On the Water

Joel Milton Operating in the fog can kill

October 22, 2012

Back in 2004, I wrote a column in WorkBoat about how dangerous it can be when operating in the fog. I think it is time to revisit this important issue.

Years ago I worked on a large crew-supplier in the Gulf of Mexico. That’s when I learned that operating in the fog is often taken for granted.

Many believe that operating safely and efficiently in the fog is merely a function of using the radar, along with the GPS and/or the chart plotter, to go from Point A to Point B. It’s as simple as that. As long as the magic navigational boxes are working, operating in the fog is considered to be on a par with playing a not particularly challenging video game.

This is a dangerous way to approach operating a vessel in less-than-perfect visibility.

At one of the major oil company bases in Venice, La., there were numerous occasions when helicopter pilots would refuse to fly out for crew changes in zero or near-zero visibility conditions. This was common practice for the pilots in the late winter and early spring, when fog tends to be at its worst. The oncoming offshore crews would promptly disembark the helicopters and drive back across the road. With their bags, scores of oilfield crews would roll up the gangway and into the crewboat’s cabin. The oil company’s dispatcher assumed that we would now do what the helicopter’s pilots wouldn’t — transport the offshore workers in reduced visibility conditions.

Typically, dispatchers would see no contradiction in this. The pressure was on to get the workers to the job site, fog or no fog.

But the Mississippi River is a very dangerous place to be running around with a boatload of passengers when visibility is lousy. And perhaps no stretch of the Mississippi is as bad as between Venice and the Southwest Pass. The Pass is the chokepoint for all deep-draft traffic and many oilfield boats.

In February 2004, the crew of the 178-foot OSV Lee III found this out the hard way when it collided with the 534-foot containership Zim Mexico III. Five mariners lost their lives.

Vessel managers should back up their captains and mates when they say no to a customer’s foolish demand to operate when the fog is too heavy.

Expand/View Comments -  3 Comments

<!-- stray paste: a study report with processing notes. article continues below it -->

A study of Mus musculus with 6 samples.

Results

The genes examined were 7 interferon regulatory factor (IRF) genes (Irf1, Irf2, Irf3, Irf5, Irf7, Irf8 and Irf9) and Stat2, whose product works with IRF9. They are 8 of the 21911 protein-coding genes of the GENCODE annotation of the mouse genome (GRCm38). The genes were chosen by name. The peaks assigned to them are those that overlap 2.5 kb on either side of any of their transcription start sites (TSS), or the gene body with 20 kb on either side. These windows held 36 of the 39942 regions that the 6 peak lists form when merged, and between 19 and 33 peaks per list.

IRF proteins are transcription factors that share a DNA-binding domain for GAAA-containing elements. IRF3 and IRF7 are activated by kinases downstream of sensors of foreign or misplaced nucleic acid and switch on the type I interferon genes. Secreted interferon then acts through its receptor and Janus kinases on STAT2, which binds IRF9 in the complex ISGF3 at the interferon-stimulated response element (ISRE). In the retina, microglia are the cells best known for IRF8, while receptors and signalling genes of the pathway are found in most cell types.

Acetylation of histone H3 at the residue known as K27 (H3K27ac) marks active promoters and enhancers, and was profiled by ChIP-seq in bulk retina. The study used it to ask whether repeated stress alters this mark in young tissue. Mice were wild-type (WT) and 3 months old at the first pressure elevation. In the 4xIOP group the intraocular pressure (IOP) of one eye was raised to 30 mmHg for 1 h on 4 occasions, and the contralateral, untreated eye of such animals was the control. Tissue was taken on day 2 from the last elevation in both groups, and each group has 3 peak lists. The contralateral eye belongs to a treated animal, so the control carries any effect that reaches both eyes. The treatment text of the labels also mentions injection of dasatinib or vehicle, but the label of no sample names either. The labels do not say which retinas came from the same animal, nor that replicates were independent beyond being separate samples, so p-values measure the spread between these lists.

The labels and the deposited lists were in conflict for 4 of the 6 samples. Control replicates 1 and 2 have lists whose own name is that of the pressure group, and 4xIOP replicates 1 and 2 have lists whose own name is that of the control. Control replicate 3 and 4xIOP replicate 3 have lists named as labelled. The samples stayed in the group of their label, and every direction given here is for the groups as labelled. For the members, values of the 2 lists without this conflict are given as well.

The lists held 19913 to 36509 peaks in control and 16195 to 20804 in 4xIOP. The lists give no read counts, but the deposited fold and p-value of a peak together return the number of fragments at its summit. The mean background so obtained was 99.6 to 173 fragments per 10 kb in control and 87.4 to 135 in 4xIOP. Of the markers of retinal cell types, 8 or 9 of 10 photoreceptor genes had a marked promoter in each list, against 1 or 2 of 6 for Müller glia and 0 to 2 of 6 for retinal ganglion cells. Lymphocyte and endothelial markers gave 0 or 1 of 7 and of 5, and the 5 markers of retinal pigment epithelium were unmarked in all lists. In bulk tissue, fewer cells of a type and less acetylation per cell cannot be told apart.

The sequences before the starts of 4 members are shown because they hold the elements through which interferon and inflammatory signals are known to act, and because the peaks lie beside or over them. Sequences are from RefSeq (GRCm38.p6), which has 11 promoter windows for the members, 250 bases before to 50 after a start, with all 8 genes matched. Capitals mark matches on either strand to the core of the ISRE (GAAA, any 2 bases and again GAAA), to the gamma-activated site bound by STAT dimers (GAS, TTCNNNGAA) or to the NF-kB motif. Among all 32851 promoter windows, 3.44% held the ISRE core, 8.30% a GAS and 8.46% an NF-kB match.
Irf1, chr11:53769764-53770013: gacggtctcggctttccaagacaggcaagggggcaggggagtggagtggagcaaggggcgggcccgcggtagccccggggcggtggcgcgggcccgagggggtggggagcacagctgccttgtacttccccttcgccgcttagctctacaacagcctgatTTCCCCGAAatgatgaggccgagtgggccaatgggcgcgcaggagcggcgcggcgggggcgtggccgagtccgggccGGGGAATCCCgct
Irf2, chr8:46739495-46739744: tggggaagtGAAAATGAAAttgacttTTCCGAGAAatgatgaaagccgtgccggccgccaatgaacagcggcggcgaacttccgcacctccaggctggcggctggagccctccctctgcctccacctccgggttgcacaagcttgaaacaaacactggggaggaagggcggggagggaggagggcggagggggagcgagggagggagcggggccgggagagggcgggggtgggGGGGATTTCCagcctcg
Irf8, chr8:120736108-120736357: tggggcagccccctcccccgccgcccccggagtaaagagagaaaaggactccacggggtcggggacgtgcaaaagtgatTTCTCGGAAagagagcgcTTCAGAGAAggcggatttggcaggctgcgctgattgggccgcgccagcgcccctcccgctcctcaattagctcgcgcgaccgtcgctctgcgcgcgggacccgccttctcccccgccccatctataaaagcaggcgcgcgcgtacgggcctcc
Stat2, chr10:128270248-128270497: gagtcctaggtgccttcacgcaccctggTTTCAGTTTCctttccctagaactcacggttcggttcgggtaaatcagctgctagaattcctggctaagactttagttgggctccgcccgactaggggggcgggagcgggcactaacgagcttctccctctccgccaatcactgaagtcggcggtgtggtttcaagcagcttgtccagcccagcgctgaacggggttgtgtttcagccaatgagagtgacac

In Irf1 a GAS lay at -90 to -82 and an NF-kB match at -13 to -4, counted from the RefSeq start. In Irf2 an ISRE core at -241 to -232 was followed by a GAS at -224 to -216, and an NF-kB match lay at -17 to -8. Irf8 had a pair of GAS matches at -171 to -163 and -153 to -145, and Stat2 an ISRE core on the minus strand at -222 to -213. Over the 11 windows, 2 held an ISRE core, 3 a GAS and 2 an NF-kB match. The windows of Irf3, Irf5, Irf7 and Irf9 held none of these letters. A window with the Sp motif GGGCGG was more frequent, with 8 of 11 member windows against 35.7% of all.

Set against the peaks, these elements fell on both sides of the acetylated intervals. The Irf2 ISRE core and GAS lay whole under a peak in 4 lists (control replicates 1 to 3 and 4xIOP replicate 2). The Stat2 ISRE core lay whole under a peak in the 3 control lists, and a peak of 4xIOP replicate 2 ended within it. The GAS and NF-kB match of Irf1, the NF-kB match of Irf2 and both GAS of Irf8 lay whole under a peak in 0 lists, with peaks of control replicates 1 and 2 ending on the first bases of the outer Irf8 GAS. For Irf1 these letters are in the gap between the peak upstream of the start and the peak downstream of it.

01/24/2013 19:01:39 Fred Goldsmith says:

A violation of Rule 5, the lookout rule, is also deemed a violation of a safety statute or regulation and, under the general maritime law's "Pennsylvania Rule," when an accident occurs and litigation results, the violating vessel (and its company) will be presumed at fault and required to prove not only that the rule violation did not cause the accident, but that it "could not have." Further, in Jones Act personal injury litigation, where the company violates a safety statute and this is causally related to the accident, the seaman cannot be held comparatively negligent or at fault, i.e., his damages, should he (or she) prevail, cannot be reduced. Finally, such a rule violation can trigger a finding of "negligence per se." Rule 5 and the other Inland Rules are now found in the Code of Federal Regulations. Serious stuff when a rule, statute, or regulation is violated. Fred Goldsmith, Goldsmith & Ogrodowski, LLC, River, Rail & Motorcycle Lawyers, Pittsburgh, PA

10/24/2012 08:27:41 jeff henderson says:

Every mariner dreads the fog. It takes experience and careful concentration in order to proceed safely. Distractions and confusion are the dangers to avoid. Plots have a cockpit saying, "Fly the plane". I use that mind set when I'm operating in the fog. Norman's right, you can't just say no sometimes. But I wont go if I don't have that "alert, yet ting of fearful confidence", in myself, my vessel and the current conditions. What port your in has allot to do with it too!

10/23/2012 16:07:35 Norman Spector says:

If I refused to operate when the fog was too heavy, there would be years that I would be tied to the dock for 2 months at a time. The company would be out of business. Contrary to what many people think, it is possible to operate safely in the fog. Many of us have done it safely for years. Agreed, there is always the other, less capable ones to look out for, but that is why if you are in doubt, you stop the vessel. I would argue that most collisions in the fog can be attributed to a confused situation in one or both wheelhouses, compounded by the fact that one or both vessels continued making way even though there was doubt. The bottom line is, fog happens. Unfortunately, in our chosen profession, it is not possible to simply refuse to operate in the fog.